By Katherine Ryder, contributor
FORTUNE — Despite the promise of digital advertising, many ad execs still believe that the best way to captivate an audience is the 30-second television spot. Take, for instance, Chrysler’s Super Bowl ad this year. Clint Eastwood walks amidst the shadows, delivering a dramatic monologue about triumphing in hard times. Industrial scenes of American life fold down like beautifully crafted playing cards, one after another, on the screen. How can a banner ad compete with that?
Some networks think they’ve found an answer: taking the 30-second spot a step further. Imagine if Joe Smith, in need of a new car and suddenly feeling patriotic, presses a button on his remote and instantly receives more information about a Ford F150
, including where he can buy one. Meanwhile, Joe’s wife, Sally, watches a later ad for a Sony phone. The product on the screen is sleek and modern, and Sally wants it. She can turn her emotion into ownership, purchasing the phone with the click of a button. This, according to industry insiders, is the holy grail of advertising.
Interactive television advertising (ITV), which allows advertisers not only to target an audience but also to allow a viewer to buy what he or she sees, has been touted for over a decade. But more recently, the idea has gained traction. With TV ad revenues falling in 2009 and 2010, networks feared that growth in the digital industry was slowly displacing the 30-second TV ad. The advent of the digital video recorder prompted further worries that a formerly captive audience could now skip commercials altogether.
and Time Warner Cable
, joined forces in 2008 to see if they could develop interactive TV commercials, delivered through a set-top box. The financial crisis quickly dented their plans, depressing ad revenues across the board and, over time the six competing companies found it increasingly difficult to collaborate. The market really ever caught on to the idea, either. Only 25 million homes installed the set-top box to receive an interactive ad—too small a penetration for many mass-market brands to invest in the technology.
Luckily for the networks, the narrative about the death of TV now seems to be dying itself. TV viewership is growing, and television remains the single most important leisure time activity in the United States, despite the time Americans now spend online. According to a joint ANA-Forrester Research survey, the number of 100 advertising executives polled who believe TV ads have become more effective in the past two years has tripled. The survey predicts that TV ad spending will account for 47% of media budgets this year, a 6% increase since 2010. By comparison, according to the ANA, 14% of advertising budgets will be spent on digital ads.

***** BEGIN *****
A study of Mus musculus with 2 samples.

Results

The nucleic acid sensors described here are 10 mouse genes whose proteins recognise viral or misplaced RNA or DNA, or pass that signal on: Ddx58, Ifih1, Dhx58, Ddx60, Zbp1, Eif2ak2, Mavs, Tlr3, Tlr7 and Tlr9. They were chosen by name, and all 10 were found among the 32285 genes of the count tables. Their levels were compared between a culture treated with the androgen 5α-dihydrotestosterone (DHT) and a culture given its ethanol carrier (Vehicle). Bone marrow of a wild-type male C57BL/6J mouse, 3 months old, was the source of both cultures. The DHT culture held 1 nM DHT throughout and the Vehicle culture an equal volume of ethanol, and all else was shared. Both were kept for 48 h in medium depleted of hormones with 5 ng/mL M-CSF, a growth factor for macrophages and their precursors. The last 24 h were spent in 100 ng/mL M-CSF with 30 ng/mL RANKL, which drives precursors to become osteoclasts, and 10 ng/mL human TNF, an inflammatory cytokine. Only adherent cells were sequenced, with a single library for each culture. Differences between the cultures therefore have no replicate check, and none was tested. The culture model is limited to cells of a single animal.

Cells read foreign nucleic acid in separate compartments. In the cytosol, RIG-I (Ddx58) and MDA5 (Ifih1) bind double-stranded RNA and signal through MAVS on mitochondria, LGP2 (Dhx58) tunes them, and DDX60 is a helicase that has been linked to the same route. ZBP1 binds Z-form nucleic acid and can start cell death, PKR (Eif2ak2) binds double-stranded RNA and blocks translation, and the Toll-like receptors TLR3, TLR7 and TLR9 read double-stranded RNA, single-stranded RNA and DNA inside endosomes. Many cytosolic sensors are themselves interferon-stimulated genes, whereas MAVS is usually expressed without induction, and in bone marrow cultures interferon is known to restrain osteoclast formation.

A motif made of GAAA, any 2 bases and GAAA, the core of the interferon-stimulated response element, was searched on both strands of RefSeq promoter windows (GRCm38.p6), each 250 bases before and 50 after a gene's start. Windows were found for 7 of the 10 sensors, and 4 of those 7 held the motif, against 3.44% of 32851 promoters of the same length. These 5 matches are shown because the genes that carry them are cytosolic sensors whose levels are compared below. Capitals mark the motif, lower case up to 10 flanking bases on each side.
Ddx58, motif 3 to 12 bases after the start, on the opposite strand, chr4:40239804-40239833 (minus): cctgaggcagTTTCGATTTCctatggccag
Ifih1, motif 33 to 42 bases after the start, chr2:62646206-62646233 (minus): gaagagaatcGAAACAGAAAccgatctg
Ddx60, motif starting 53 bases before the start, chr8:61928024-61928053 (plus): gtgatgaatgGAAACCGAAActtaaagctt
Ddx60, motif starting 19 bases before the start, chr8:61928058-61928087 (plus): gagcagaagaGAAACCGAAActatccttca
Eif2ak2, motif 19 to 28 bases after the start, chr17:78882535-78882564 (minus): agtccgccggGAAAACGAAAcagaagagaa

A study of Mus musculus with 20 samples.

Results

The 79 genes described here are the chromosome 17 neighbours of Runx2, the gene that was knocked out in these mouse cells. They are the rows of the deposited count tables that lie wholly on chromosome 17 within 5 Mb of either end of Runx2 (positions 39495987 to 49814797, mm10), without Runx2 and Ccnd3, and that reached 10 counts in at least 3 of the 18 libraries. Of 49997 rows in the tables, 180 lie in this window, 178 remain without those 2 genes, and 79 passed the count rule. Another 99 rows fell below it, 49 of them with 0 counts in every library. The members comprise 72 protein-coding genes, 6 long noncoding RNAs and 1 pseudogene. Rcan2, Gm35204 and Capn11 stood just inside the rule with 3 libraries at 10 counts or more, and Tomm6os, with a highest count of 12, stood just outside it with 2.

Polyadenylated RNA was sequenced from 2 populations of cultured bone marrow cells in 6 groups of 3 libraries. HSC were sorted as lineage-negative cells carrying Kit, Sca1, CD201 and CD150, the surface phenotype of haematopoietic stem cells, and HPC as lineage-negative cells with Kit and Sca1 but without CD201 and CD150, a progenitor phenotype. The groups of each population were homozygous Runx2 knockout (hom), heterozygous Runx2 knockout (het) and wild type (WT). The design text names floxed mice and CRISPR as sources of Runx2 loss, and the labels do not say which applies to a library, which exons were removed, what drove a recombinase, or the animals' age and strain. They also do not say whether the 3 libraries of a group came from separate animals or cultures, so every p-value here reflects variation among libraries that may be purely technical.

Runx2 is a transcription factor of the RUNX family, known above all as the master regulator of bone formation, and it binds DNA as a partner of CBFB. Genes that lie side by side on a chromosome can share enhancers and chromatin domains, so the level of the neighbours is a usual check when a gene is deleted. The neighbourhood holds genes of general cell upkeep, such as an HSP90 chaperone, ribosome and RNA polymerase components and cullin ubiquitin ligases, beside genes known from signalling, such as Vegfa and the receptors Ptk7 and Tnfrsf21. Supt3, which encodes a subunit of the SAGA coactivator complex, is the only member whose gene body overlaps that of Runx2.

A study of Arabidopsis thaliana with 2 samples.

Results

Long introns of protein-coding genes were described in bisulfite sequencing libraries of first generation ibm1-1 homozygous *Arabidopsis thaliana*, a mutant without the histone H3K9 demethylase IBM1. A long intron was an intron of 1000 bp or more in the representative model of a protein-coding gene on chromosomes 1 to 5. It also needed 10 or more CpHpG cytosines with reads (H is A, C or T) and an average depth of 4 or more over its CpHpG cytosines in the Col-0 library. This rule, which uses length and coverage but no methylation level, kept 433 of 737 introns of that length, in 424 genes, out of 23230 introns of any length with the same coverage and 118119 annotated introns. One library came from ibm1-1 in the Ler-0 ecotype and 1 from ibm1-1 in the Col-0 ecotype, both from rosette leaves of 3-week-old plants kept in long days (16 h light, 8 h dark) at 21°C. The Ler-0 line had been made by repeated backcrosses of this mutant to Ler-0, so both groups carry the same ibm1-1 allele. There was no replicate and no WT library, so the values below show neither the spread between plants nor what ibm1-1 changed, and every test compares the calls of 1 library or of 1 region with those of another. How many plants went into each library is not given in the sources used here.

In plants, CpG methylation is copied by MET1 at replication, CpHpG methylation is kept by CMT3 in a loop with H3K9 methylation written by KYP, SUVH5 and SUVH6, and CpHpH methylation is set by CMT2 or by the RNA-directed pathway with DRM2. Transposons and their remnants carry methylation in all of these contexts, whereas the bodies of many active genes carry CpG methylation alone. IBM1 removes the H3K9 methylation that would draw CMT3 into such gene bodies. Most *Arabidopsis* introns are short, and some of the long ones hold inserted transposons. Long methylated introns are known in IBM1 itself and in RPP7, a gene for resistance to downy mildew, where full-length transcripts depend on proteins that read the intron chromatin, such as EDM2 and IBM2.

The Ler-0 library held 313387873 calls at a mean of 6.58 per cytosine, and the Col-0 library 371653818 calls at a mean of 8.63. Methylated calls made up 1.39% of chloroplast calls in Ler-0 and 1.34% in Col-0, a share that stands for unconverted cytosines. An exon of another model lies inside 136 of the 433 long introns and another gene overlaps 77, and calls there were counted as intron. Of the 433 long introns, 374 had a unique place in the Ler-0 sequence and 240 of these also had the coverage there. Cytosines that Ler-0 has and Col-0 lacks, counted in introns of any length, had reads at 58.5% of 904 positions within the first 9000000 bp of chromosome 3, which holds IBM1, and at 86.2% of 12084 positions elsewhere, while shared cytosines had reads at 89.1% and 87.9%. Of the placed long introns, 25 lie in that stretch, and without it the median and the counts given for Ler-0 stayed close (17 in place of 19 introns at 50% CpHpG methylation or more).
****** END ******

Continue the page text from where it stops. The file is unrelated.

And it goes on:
One of the reasons TV ad spending is back in favor may well be confusion about the impact of Internet ads. “TV is still much easier to measure than the elusive digit world,” says one advertising executive. People view advertising on so many different devices—a computer, an iPad, an Android—that advertisers have difficulty understanding whether their ad is being delivered in the most effective way, or who’s watching it. Digital ads provide accurate click-through data, but in terms of demographic information they still don’t compare to television.
Shazam, for instance, offers an app that can hear what commercial is playing and then deliver the viewer coupons, downloads, or relevant links. Procter & Gamble
, and American Express have tried Shazam, as well as networks like Bravo and Oxygen. IntoNow, which Yahoo
bought last year three months after it launched, offers a similar concept. During the Pepsi Max
advertisement at this year’s Super Bowl, for instance, IntoNow users were sent a coupon for a free Pepsi if they simply tagged the ad. MTV is building out its own version of Shazam and IntoNow.
That’s not to say that internet firms won’t get a larger piece of the estimated $150 billion U.S. ad industry, and that networks should stop creating ventures like Canoe. In a cheeky nod to the increasing competition between online video advertising and traditional television advertising, an amalgam of high-powered tech firms — Google
, Yahoo, AOL
, and Microsoft
— is holding an advertising conference in April to woo advertisers by presenting different marketing opportunities for companies to create online-only ads. The conference is essentially a copycat of the UpFront conference that TV network executives traditionally throw in May.
All the same, it seems that TV advertising will almost certainly retain its edge and emerge as the big winner for 2012—and with an election in Washington and the summer Olympics in London both boosting TV viewership, the prize will be considerable.